Sunday, April 11, 2021



This morning's Sunday Seminar was with Deborah Robson talking about Shetland fleeces and textiles.

It was a fascinating overview of the characteristics of Shetland fleeces - which are varied - and a peek at some of the textiles that Shetland is so famous for.

Shetland is definitely one of those places in the world I would love to visit, but being able to have a taste was greatly appreciated.  

It was also heartening to hear that the Shetland textile traditions are not just being preserved, but are changing and growing with younger (than me!) practitioners exploring the crafts and keeping them not just alive, but living.

Deborah talked about a well known person who does the very important job of grading the fleeces, and how he now has a younger apprentice, ensuring that the quality of the fibres will continue to be assessed for spinners who understand what they want in a fleece.

In many ways I thought about my own stay upon this earth and how we need to do the same in weaving. I have found the Olds master program helpful in finding like minded students who are willing to dig deep into the craft and keep it alive and living - growing, changing, evolving.

During this time of living pandemically, being able to reach those people via Zoom has been enormously satisfying to me.  While I do love to teach in person, being able to continue the passing on of knowledge remotely means that I can continue to reach out and actually touch many more people than what I can do in person.  

For anyone interested in these Zoom presentations, each one can be done in about 2 hours and given as a guild presentation, via Zoom.  Or I can add more to the Saturday Study Group on Facebook.  The third presentation is coming this Saturday, the first two remain accessible via private link.  If anyone is interested, send me a message on FB and a friend request, and I can add you.  Or, if you know someone already in the group, they can add you.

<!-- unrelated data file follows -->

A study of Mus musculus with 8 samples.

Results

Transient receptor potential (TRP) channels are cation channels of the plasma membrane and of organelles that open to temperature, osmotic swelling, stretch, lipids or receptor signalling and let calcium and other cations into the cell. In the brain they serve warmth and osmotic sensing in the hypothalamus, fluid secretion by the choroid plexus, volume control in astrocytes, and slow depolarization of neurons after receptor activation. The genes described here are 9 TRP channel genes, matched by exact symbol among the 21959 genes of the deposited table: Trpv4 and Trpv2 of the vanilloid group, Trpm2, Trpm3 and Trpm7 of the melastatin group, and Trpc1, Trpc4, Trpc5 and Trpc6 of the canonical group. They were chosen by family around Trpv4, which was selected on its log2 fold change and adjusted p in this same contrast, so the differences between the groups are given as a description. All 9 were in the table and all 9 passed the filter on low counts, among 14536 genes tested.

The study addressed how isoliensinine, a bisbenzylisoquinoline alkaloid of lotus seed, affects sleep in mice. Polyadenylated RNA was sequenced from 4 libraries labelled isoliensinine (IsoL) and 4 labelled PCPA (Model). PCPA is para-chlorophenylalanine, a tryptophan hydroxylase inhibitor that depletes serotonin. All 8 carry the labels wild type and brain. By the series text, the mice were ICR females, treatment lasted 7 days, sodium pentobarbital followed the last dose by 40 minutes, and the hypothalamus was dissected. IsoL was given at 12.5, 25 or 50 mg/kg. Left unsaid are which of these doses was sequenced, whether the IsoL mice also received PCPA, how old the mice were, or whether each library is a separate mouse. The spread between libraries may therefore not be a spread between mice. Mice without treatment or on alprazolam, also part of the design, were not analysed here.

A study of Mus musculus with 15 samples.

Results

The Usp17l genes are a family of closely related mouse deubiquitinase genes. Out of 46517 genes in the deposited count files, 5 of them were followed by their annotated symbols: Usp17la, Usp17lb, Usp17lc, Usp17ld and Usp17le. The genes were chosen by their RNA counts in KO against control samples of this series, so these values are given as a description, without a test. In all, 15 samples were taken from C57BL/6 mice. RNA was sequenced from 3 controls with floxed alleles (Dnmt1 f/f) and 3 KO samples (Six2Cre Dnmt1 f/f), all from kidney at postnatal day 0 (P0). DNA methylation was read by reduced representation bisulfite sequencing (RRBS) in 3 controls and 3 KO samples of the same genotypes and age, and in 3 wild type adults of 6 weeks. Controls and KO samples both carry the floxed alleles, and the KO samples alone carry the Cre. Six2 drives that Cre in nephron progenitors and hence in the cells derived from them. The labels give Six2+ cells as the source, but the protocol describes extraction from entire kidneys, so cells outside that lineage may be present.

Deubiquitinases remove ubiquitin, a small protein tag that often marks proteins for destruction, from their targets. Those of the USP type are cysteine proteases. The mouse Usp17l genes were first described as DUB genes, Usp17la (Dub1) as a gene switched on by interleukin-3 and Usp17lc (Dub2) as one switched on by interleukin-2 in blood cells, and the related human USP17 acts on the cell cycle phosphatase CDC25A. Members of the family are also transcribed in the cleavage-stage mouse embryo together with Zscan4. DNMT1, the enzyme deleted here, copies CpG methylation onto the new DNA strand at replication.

In the meantime Deborah says she is working on more books.  I've asked to be notified when they are ready so I can spread the word.

1 comment:

/anne... said...

In Australia, people who grade fleeces are called Wool Classers, and you can study it at TAFE - unfortunately, I'm not sure of the equivalent in the US.

These days, it's not uncommon for women who spin and live on a farm to do the course so they can class their own wool clip (all the wool shorn on the farm), and understand more to enhance their own spinning knowledge. In some areas, it's common to rotate sheep and wheat - they often have a clover underlay grown under the wheat to fix nitrogen in the soil (Australian soils are mainly very, very old and depleted of minerals over billions of years), and for sheep feed.